Cataloger Goes For the Jugular
The solution is a poster, created by TDA Advertising & Design, Longmont, CO, that will serve triple duty: as a direct mail piece, a brand reminder and an item for sale by the cataloger/retailer. The mailing drops next month to 10,000 high schools, middle schools and colleges. In February and March, another 15,000 will go out to customers who have purchased $250 or more in products in the past 12 months.
The poster features shaky, grainy photographs of lacrosse players body-checking one another in a heated game, framed by taped borders laced with occasional splotches of blood. "Lacrosse was invented by Native Americans to solve tribal conflict, when war was not violent enough," the accompanying copy reads. By the end of February, the posters will be sold through the company's catalog, its retail store and its e-commerce site, which is scheduled to launch by February.
"They wanted to be first on kids' lists and get their attention," said Jonathan Schoenberg, creative director at TDA Advertising. "Coaches will display them in the locker room. It's only worthwhile if coaches and players will put it up."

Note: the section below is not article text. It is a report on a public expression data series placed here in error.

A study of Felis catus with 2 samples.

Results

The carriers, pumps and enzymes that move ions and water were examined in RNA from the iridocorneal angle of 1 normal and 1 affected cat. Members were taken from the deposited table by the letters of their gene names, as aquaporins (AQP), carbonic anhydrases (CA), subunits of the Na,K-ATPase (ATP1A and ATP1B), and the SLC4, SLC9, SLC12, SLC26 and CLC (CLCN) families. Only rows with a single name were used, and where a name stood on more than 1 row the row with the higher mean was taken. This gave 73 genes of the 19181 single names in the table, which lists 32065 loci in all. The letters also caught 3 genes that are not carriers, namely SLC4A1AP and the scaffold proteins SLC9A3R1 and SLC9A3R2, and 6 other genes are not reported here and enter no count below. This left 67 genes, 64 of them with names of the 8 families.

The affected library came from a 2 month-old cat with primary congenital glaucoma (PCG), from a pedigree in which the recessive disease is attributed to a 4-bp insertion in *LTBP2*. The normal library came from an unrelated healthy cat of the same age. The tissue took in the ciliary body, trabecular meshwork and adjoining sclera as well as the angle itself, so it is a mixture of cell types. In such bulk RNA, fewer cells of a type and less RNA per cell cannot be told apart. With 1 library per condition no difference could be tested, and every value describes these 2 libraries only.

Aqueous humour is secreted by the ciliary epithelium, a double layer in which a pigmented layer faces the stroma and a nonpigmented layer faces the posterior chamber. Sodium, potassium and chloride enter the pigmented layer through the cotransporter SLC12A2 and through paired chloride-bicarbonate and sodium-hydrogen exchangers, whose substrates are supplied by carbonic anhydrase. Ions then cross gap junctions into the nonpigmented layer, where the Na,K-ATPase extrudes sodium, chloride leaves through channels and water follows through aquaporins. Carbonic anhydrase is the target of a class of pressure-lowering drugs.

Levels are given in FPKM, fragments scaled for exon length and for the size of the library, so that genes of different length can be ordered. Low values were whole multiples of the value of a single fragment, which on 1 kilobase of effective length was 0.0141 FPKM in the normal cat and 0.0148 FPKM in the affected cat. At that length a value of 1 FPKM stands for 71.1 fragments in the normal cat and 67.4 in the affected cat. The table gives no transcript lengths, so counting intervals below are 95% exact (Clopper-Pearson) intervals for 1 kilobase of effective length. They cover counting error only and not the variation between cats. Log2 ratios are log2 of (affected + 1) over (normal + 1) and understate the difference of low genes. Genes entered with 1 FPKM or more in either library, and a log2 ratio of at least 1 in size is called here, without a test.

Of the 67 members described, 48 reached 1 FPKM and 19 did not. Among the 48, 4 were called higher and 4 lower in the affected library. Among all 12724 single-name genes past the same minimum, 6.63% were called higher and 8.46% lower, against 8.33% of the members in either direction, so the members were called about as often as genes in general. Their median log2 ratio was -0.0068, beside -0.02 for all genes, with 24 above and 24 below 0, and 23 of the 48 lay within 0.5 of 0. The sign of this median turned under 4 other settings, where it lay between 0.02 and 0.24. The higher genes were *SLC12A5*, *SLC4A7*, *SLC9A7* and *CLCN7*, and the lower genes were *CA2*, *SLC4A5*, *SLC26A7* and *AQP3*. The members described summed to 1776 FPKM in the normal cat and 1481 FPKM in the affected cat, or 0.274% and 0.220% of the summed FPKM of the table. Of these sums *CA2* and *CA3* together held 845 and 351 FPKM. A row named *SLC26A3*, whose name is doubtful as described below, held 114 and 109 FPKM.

This is one reason Breakaway - a company with a very focused product niche and little marketplace competition - left out its telephone number and Web address on the poster, because it was more important, according to 30-year-old owner/president Philip McCarthy, to capture the spirit and passion of the rough sport. McCarthy himself was an avid lacrosse player in college.
The company also wanted to sell the posters to customers and felt a less commercial, subtle brand image would appeal to students looking for something to hang on their walls.
"They thought if they made it too commercial, people wouldn't want to pay money for it," Schoenberg said. "The hope is to sell enough of them to make the direct mail almost free."
Breakaway sells hockey equipment as well as lacrosse gear, and the catalog goes out at least twice a year to lacrosse and hockey coaches and players. TDA Advertising supplements that with a handful of specialized promotional mailings to its 100,000-member database.
More than anything, McCarthy wants the posters to catch on among students who are demanding something that isn't readily available otherwise.
"There aren't any real lacrosse posters out on the market," he said. "They existed 12 years ago, but they haven't been around for at least six years."